30 Minute Meals (2001– )

TV Series  - 
6.6
Reviews: 11 user | 1 critic

Rachael whips up a delicious and flavorful 3 course meal from start to finish in under 30 minutes.


30 Minute Meals (2001– ) on IMDb 6.6/10


27 | 26 | 25 | 24 | 23 | 22 | 21 | 20 | 7 | 6 | See more »

1 win & 3 nominations. See more awards »


Rachael whips up a delicious and flavorful 3 course meal from start to finish in under 30 minutes.


17 November 2001 (USA)  »

Also Known As:

30 Minute Meals  »


Trivia

Set can be seen in the episode "Dining Out" from the 2005 season of "Law & Order" See more »

Quotes

Host: Oh my gravy!

Featured in The 33rd Annual Daytime Emmy Awards (2006) See more »


A middlebrow cooking show for people who like to cook but have nothing to prove
22 October 2005 | by (Wavy Wheat, Nebraska) – See all my reviews

If you want to eat better for less money, and you have no ambition to be the next "Barefoot Contessa", but you are willing to put just a little time and effort into your meals, Rachael Ray is your woman.

Cute, perky, vivacious, and obviously intelligent without being overbearing or pedantic, Ray's on-screen persona and mannerisms seems to irritate some viewers. However I don't have a problem with with her, and I'm a hyper-ironic smart-*ss. I have absolutely no patience or tolerance for the usual run of "Lifetime Movie Network" and "Oprah Channel" programming formats, but Rachael doesn't rub me raw the way most middlebrow soccer-mom programming can. I feel that she works at providing a screen persona that makes the kitchen an accessible, non-threatening place for anyone who will take the time to learn and experiment.

As promised by the show title, in every episode Ray prepares a 3-4 course meal based around a theme (Provencal, Sicilian, New England, Mideastern, "comfort foods", tail-gating etc) using ingredients usually available from a large full service grocery store. She starts cooking at the beginning of the show, and does all the work,including the chopping and grating,etc (she might have the oven preheated or something like that). She just walks around to her pantry, her refrigerator and her cupboards and pulls out ingredients and utensils, that she needs, as she narrates what she's doing and why she is doing it (typically the flavors in one dish will complement or reinforce the ingredients in the other dishes), and continues to work during the commercial breaks. By the time the show is concluded, Ray will be portioning the completed meal out on a plate and tasting it as the credits roll. This is in contrast to most other cooking shows where the host will start out preparing something in front of the camera, and then essentially pull out a completed version of the dish which was made before hand (after hours of baking, steeping, etc).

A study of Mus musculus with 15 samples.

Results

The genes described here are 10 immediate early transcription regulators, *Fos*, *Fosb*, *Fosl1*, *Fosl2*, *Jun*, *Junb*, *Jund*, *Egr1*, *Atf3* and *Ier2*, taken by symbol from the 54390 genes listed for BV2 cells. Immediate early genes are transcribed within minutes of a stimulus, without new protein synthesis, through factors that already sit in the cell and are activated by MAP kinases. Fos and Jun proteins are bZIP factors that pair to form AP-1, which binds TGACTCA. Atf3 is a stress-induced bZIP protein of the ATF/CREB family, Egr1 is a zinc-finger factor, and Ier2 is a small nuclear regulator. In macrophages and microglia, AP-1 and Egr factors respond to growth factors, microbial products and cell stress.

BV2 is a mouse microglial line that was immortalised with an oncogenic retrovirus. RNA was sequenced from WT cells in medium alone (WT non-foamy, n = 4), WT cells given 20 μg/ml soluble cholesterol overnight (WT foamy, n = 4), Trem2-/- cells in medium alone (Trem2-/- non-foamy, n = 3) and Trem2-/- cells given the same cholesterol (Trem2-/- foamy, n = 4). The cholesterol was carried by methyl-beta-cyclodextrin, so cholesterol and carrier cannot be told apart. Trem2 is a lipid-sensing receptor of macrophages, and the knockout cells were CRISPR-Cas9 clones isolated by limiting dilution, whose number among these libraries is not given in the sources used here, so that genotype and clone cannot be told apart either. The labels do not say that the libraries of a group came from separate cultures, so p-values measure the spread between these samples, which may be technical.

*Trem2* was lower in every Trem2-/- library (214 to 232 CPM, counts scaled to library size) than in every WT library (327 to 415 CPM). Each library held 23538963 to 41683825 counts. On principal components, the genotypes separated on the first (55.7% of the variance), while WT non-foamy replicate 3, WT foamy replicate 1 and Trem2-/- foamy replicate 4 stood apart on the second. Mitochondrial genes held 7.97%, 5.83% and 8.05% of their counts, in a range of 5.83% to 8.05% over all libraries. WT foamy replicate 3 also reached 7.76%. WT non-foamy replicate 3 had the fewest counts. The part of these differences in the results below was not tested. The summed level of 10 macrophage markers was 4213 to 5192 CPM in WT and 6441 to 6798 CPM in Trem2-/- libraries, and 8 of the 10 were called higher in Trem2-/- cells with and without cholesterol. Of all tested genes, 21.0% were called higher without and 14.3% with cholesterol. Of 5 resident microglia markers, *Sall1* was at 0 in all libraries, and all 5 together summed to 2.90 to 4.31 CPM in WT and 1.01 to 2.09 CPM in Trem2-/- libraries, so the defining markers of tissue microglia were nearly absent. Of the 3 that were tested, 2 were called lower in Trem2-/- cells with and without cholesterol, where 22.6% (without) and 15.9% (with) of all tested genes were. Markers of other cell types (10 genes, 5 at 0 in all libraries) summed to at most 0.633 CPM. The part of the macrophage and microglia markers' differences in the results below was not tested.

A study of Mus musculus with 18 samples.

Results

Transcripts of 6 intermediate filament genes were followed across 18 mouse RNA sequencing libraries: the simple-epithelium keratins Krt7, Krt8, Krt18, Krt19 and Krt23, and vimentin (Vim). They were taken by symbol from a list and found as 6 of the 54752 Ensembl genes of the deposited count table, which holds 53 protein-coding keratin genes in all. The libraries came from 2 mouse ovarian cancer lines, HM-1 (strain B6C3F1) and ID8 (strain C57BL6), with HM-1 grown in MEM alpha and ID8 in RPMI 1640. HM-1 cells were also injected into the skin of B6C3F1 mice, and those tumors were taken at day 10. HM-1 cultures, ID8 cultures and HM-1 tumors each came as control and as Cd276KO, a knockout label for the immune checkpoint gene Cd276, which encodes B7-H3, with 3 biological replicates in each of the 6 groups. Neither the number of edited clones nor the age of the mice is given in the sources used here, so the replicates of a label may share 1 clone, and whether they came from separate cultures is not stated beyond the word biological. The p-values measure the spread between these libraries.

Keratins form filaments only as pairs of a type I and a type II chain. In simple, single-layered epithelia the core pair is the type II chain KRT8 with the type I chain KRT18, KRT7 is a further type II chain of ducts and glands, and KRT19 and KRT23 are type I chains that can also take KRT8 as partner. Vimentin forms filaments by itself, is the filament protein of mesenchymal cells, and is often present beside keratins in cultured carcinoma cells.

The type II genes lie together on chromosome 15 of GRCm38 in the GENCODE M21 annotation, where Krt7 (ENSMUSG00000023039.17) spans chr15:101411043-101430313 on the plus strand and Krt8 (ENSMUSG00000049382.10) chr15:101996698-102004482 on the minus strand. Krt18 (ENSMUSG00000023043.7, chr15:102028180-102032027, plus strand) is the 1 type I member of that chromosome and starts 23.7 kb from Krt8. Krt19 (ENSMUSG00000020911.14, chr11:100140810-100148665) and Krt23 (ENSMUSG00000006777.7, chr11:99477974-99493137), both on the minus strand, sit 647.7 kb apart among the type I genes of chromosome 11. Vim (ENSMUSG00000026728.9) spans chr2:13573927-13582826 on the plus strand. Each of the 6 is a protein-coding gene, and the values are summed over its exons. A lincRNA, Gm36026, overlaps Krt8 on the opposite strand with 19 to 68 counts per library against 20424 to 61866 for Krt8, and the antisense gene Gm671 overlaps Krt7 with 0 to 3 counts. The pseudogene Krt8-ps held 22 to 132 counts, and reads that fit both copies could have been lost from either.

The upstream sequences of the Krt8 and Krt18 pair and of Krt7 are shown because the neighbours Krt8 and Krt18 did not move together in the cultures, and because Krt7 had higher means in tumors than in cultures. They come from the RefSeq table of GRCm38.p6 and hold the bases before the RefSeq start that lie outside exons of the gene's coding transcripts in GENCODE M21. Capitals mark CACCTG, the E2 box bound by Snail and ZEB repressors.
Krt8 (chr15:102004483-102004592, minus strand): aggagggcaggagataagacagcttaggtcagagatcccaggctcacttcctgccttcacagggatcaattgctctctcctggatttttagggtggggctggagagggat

It's a great gimmick, and because you can see what Ray is doing and how easy she makes it look, it inspires you to try to follow in her footsteps. I am no great shakes as a cook, and have very little patience, but I can follow Ray's recipes and make them work to provide satisfying, flavor packed meals in the time as it would normally take to order a pizza or go out to a fast food restaurant. Believe me, if I can do it, anyone can. And BTW I've lost an inch from my waistline (important for a man pushing 50) in six months while never feeling cheated or deprived, or even thinking about 'dieting', and I figure I have saved close to a grand on food in that same time period by doing basic kitchen work in the way she demonstrates.

So overall, I am just incredibly smug and pleased with myself, and I have Ray, Alton Brown, and (non Food Network) writer Russ Klettke to thank for it. So pay no heed to the commentors who take issue with her mannerisms and her perkiness - Ray is the real deal when it comes to getting the most out of one of the most important aspects of living without turning into a yuppie Martha Stewart pretender.

And just so you don't think I have a "Judy Garland" crush on the lady, I can't be bothered to watch her other 2 (or is it 3) shows - 30-60 minutes of cooking info in a day is more than enough!!